Champagne and Lorraine. Exploring Troyes, Nancy, and Toul

words: Costina Mocanu

photographs and video: Jens Dörr

cover: Cathédrale Saint-Étienne de Toul. © Jens Dörr, 2021

Charme is the common dominator of exquisite towns located in the Grand Est.

The French Grand Est (Alsace-Champagne-Ardenne-Lorraine) offers picturesque urban spaces and darling French corners. Champagne’s name derives from the homonymous sparkling wine. During the High Middle Ages, the Champagne area became a vital centre for Champagne fairs where textiles and spices could be exchanged. It was during the Nineteenth century and its industrialisation that the Champagne wine industry became particularly popular within middle-class and aristocracy. Lorraine is known for exclusive choices of Unesco’s World Heritage sites such as  Place Stanislas and Porte de France, the Fortress of Vabaun, Longwy .

The best time to visit this territory is spring and autumn. Three days will be enough to discover this charming territory and savour its spécialités.

CHAMPAGNE: Troyes, 48° 18’N 4°05’E

Known to be one of the most representative areas, Troyes is not only the former capital of Champagne, but also a but a place full of enduring history which is reflected in architecture made of woods and half-timbered constructions. The city itself used to be a key point of international trade, thanks also to the Roman infrastructure which connected it from Milano to Boulogne-sur-Mer on the Opal Coast in the north of France.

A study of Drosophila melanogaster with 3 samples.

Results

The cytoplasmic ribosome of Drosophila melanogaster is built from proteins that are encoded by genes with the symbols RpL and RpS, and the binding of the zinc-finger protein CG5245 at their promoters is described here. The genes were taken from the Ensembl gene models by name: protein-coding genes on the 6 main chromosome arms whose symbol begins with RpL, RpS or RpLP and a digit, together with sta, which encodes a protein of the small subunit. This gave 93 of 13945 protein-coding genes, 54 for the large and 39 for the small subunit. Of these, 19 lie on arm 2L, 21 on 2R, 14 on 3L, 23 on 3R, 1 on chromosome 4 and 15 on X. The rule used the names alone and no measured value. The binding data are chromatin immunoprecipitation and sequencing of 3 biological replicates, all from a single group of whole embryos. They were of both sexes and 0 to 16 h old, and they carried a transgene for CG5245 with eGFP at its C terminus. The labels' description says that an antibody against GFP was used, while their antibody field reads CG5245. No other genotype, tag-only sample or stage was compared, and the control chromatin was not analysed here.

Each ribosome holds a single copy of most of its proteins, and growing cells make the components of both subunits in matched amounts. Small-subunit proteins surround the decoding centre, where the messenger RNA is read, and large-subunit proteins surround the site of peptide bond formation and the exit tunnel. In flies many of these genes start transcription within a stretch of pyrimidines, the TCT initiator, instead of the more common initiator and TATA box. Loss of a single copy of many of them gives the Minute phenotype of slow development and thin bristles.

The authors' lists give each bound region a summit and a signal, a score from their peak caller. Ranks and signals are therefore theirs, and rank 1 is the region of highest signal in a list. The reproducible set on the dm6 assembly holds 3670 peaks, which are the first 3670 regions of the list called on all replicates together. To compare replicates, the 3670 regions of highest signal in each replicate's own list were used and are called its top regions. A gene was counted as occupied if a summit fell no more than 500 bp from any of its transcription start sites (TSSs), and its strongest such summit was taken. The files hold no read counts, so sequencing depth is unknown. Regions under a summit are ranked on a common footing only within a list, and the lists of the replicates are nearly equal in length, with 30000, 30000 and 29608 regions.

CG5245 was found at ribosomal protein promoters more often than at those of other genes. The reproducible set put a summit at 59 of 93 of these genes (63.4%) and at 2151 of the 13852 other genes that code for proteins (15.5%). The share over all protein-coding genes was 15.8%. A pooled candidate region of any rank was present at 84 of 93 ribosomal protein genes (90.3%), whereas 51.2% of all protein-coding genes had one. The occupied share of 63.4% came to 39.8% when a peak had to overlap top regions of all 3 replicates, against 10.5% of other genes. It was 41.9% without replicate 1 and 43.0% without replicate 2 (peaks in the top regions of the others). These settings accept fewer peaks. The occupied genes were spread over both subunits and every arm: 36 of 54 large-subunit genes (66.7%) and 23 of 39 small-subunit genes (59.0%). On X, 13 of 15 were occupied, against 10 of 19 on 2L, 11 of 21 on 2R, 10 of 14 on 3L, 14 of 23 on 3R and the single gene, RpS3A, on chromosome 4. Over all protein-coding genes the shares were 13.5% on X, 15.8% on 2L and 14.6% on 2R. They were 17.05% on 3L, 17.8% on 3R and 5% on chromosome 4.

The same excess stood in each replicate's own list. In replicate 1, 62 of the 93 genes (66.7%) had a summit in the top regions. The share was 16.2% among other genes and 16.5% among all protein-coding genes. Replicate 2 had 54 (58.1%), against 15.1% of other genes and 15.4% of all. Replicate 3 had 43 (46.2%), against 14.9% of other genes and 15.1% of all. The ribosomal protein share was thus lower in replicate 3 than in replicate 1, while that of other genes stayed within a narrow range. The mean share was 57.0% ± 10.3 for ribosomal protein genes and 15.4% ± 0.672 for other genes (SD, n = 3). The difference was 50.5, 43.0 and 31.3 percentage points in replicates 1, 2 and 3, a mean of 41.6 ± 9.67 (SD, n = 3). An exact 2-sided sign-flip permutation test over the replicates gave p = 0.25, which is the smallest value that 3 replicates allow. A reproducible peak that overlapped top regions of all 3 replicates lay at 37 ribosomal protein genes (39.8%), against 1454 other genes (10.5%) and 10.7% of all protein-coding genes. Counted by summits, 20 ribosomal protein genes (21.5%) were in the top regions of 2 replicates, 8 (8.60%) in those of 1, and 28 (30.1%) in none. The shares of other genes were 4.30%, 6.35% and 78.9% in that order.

Troyes deserves more than a stroll around the city center: do not miss the numerous contemporary installations and sculptures surrounding the Seine quaix such as the hidden gem, Lili, by the Hungarian Andras Lapis; go to Cathédrale Saint-Pierre-et-Saint-Paul de Troyes to get involved in a truly unique experience in Gothic style.

Make sure that you see the La Ruelle des Chats, the Cats Alley, the narrowest street of half-timbered constructions in Europe. Why this curious name? The roofs of the adjacent houses are so class that cats can easily jump from one attic to another.

LORRAINE: Nancy, 48°41’N 6°12’E

Passionate about Art Déco? Then visiting Nancy should be added to your itinerary! Between 1890 and 1914 affluent residents commissioned town houses designed in the École de Nancy style. Whole streets were designed in nouveau style and the façades of houses embellished with floral and leaf motifs. At the beginning of the Twentieth century the area comprehended between the railway station and Place Stanislas was hosting important business centres and shops in this style. Villa Majorelle, built by the decorative artist and industrialist Louis Majorelle (1859-1926), near to the Sacré Cœur church. Today the Villa belongs to the Museum of Nancy School.

LORRAINE: Toul, 48°41’N 5°54′

From Nancy make your way northwest bound to Toul, for circa twenty kilometres. Situated on the Lyon-Treves axis, the city benefited of a flourished economic development since the Roman era. Together with Nancy and Metz, Toul was part of the Trois Évêchés, the Three Bishoprics during the Seventeenth century. Explore the medieval streets and its cathedrals such as the Cathédrale Saint-Étienne de Toul.


Click here to hear the notes of Toul!